A few simple tricks make for a “blue-ribbon” dinner
by Alan Reed
May 16, 2007 | 0 0 comments | 6 6 recommendations | email to a friend | print
Sometimes the best meals are the easiest to prepare. In recent weeks, Hawkins and I have been all over town covering one event or another. Last Wednesday as we prepared for our midweek tradition of viewing Lost, I decided to be experimental, but tried to keep it as simple as possible, with both energy and time running short.

As I researched recipes, I thought of my usual favorite of chicken Parmigiana. I always enjoyed a variation called “chicken cordon bleu,” which is much the same, though stuffed with ham and cheese. It required little more effort than that, but I decided a few twists were called for just to make it unique. Cordon bleu means “blue ribbon.” There is a famous culinary school called “Le Cordon Bleu,” but I am not sure if this recipe traces its origins to the institute. It would amaze me if something this simple came from such a prestigious academy, but as the shortest distance between two points is a straight line, who knows? Hawkins agreed that the meal deserved a blue ribbon, so maybe it did.

Start with whole, boneless chicken breasts and butterfly them. To make a good cordon bleu, I pounded the meat as thinly as possible with my trusty tenderizing mallet. We want our chicken thin for this recipe because it has to roll around the ham and the cheese. Once you have it to about a quarter-inch thick, place enough thinly sliced Swiss cheese on top of the chicken to cover it. On top of that, place a thin slice of ham. I got my ham and cheese from a local grocery store’s deli section. Ask the clerk to slice the ham a bit thicker than you would for sandwiches. Roll the chicken up around the ham and cheese and secure it with toothpicks.

As I walked down the aisles of the market, I decided to replace the usual breadcrumb breading that I usually treat chicken to with a crunchy and tasty alternative, corn flakes. Take two cups of the breakfast favorite and crush them, leaving some pieces an eighth of an inch wide, and some crushed to dust. Dip your chicken in melted butter, and then coat it in the corn flakes. Place all the chicken on a baking sheet and bake in a preheated oven set at 350 degrees for 45-50 minutes.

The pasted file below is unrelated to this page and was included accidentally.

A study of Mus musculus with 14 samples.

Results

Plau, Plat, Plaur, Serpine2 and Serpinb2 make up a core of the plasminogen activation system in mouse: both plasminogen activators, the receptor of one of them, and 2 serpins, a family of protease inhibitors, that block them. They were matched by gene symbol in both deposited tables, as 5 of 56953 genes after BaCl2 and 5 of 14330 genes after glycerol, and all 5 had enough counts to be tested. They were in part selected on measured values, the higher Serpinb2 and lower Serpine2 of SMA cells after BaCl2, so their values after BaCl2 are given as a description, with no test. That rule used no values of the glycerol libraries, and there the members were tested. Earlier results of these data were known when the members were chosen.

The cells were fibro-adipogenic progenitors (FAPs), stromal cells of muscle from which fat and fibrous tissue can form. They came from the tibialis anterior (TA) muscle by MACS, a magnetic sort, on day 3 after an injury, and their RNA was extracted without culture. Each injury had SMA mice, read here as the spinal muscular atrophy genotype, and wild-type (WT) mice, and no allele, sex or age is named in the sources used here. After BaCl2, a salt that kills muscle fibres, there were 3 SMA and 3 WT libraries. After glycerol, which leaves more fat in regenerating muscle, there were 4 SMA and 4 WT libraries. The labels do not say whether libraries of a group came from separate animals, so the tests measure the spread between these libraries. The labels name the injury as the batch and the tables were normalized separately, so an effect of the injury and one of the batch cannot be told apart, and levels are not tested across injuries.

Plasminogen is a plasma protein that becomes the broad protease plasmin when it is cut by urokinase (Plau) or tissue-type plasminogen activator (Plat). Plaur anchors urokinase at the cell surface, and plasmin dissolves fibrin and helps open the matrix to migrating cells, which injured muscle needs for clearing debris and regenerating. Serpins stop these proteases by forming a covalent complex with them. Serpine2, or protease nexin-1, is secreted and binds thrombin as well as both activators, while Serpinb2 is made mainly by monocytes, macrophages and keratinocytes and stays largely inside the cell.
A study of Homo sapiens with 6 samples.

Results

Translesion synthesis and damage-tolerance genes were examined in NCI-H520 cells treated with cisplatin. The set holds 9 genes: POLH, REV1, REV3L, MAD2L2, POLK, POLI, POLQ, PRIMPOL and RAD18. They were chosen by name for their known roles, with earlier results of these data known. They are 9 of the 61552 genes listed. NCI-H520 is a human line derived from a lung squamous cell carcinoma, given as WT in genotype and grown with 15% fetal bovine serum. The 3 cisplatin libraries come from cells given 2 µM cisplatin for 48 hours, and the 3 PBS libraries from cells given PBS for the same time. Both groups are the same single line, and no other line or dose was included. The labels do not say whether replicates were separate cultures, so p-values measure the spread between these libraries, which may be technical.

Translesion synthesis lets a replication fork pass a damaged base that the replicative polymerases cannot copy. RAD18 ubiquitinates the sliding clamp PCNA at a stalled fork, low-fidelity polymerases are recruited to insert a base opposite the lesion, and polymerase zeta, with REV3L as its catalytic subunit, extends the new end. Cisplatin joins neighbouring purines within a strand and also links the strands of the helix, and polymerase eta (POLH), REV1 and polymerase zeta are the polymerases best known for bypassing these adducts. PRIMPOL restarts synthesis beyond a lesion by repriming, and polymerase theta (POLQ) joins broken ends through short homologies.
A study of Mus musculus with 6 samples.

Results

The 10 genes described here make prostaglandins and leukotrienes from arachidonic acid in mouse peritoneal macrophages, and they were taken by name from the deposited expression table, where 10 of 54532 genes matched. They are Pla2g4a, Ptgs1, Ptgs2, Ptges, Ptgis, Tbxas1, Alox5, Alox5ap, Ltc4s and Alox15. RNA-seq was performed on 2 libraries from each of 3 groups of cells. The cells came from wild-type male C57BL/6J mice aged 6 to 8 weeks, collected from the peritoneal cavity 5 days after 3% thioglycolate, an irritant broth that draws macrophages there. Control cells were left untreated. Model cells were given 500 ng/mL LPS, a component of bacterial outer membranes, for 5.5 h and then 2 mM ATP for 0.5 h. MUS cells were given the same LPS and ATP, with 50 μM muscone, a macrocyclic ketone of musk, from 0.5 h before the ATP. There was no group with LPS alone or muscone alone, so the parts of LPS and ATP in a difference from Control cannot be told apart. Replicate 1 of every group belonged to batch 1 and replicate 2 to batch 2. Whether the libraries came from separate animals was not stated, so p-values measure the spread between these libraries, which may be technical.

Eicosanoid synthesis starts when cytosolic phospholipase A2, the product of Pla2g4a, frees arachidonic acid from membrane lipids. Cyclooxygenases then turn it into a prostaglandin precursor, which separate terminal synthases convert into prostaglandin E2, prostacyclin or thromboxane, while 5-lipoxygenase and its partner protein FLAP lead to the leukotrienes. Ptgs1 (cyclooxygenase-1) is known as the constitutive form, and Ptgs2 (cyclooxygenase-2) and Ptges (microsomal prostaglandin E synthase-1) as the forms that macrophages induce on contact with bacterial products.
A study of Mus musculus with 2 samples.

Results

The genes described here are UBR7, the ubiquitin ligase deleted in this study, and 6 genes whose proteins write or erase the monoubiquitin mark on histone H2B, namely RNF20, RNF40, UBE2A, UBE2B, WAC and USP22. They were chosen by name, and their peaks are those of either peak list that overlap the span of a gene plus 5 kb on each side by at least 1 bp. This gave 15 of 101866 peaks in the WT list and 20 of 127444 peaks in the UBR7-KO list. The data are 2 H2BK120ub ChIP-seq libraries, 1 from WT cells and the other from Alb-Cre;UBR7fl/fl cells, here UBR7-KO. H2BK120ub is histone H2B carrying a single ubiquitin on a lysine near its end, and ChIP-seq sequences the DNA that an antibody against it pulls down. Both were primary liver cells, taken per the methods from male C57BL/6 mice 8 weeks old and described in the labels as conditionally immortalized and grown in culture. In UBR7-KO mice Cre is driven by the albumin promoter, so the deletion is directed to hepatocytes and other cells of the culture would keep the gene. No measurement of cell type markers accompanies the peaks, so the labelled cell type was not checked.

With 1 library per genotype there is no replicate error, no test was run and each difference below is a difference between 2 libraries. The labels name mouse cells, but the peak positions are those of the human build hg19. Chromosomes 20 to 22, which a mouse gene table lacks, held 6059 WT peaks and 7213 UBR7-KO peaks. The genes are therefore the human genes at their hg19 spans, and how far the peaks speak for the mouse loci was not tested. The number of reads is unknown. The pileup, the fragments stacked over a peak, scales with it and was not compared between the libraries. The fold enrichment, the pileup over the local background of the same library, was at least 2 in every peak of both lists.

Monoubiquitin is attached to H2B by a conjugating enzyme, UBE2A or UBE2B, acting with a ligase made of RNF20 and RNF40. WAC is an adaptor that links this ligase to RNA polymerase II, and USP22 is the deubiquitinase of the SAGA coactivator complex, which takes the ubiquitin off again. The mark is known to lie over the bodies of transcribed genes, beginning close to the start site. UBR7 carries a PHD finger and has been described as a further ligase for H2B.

To accompany the chicken, I decided to make a creamy Dijon mustard sauce. This could not have been easier to make, and complimented the meat perfectly. Take half of a jar of Dijon mustard and add it to one cup of cream in a small sauce pan. To thicken the sauce, stir in a tablespoon of flour with a fork or whisk. Add a quarter cup of white wine, and simmer the sauce on low heat until warm but not bubbling. This should take about five minutes. When the chicken is finished baking, spoon a few tablespoons of mustard sauce onto it.

Chicken and sauce is one thing, but it does not make a meal. I needed a creamy vegetable dish with plenty of flavor to back up the main course. I have enjoyed cauliflower lately. The store had no fresh or frozen cauliflower, so I bought a bag where it was mixed with broccoli. I think that may have been a good choice for color and flavor in the long run.

To make my vegetables for the evening, I decided to make a white sauce with cheese. The base came from a cup-and-a-half of milk and three or four tablespoons of flour slowly stirred into a saucepan to thicken. For a thicker sauce, use a little more flour. I added two teaspoons of butter, and a quarter teaspoon of garlic powder to the sauce with a teaspoon of parsley. The cheese came in two stages. To the sauce, I added a half cup or so of mozzarella cheese. Stir the mixture on very low heat until the cheese melts. Add some pepper to taste.

I took the frozen vegetables and placed them in an eight-inch diameter baking pan. Fill the pan with vegetables and pour the sauce over them. I topped the vegetables with more mozzarella, and for a capper, topped it with French fried onions. Bake this in the oven for 20-30 minutes again at 350 degrees.

We sat down to a great dinner before our show began. Hawkins said that he had never seen chicken breaded with corn flakes, but loved the extra crunchy texture. We finished our chicken and had a second helping of vegetables. Maybe it wasn’t my healthiest meal ever, but it tasted good. I wished I had a nice, whole wheat baguette to serve with the dinner, but it was very very filling all the same.

I want to thank Jim and Linda Tribble and Alan and Susan Watts for pooling their resources at the Relay For Life Auction last Saturday to buy the meal I contributed. The two couples competed against each other right up to $80, and then asked Auctioneer Michael Bryan if they bid $100, if it would become a meal for four. I told him I would be happy to do it since the money went straight to the Relay, a cause I feel strongly about. Thanks to Susan, Alan, Linda and Jim for their wonderful contribution against the fight against cancer. I guarantee that a good time will be had by all of the winners of the Rotary and Relay auctions. Good eating.